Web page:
Peterborough and Stamford NHS services tender plan to stem deficit

Peterborough City Hospital
Image caption Peterborough City Hospital opened in 2010 and cost £298m to build

Services offered by a cash-strapped NHS trust could be privately managed under rescue proposals from the UK's heath watchdog, Monitor.

Peterborough and Stamford NHS Foundation Trust has an annual deficit of £40m and was described by Monitor as "not financially sustainable".

A competitive tendering process to manage services at its two hospitals could begin in the summer.

A spokesman said "whatever the outcome" services would remain within the NHS.

The newest of the trust's two hospitals, Peterborough City Hospital, was opened in November 2010 at a cost of £298m.

'Maximise value'

But a 33-year private finance initiative (PFI) contract to fund its construction is costing more than £40m a year to repay, prompting concerns from the regulator, Monitor.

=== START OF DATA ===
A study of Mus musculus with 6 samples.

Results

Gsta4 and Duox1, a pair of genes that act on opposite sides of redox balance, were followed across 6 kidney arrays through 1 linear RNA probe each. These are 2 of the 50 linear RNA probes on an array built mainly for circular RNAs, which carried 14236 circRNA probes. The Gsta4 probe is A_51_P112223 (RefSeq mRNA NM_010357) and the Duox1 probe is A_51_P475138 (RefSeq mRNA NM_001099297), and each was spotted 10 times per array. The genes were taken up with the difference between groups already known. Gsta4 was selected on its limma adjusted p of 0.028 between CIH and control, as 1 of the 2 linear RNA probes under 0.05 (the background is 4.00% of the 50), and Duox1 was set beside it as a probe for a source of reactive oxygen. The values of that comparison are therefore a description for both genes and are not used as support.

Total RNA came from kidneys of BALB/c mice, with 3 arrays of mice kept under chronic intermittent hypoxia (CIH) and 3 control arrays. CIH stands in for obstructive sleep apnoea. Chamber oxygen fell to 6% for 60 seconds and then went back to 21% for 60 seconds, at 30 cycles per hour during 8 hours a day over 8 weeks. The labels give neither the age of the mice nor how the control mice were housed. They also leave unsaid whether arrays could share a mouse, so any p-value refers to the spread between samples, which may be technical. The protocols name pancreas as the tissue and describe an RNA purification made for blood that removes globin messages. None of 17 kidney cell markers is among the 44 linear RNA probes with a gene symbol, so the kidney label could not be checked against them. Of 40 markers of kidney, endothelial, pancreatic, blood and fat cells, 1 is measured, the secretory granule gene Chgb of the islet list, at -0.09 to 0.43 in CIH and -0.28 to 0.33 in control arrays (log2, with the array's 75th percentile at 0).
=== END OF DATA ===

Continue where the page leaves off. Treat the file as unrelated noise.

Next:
It appointed a Contingency Planning Team (CPT) which concluded in September that the trust was "clinically and operationally sustainable, but not financially sustainable in its current form".

Image caption The trust also runs Stamford and Rutland Hospital in Lincolnshire

The CPT made a number of recommendations including whether its assets could be better managed to "maximise the value for patients and taxpayers from the use of trust's assets".

A competitive tender plan for running the trust's services has now been submitted to Monitor.

Potentially this could involve a private company taking over management of the NHS services in a similar way to Hinchingbrooke Hospital in Cambridgeshire, or a merger with other hospitals.

Dr Peter Reading, the trust's interim chief executive, said: " At this stage we would not discount any option presented, however the tender process is designed to identify those options which would maximise the use of the hospitals."

"Whatever the outcome, services would continue to be run from Peterborough City Hospital and Stamford Hospital sites," he added.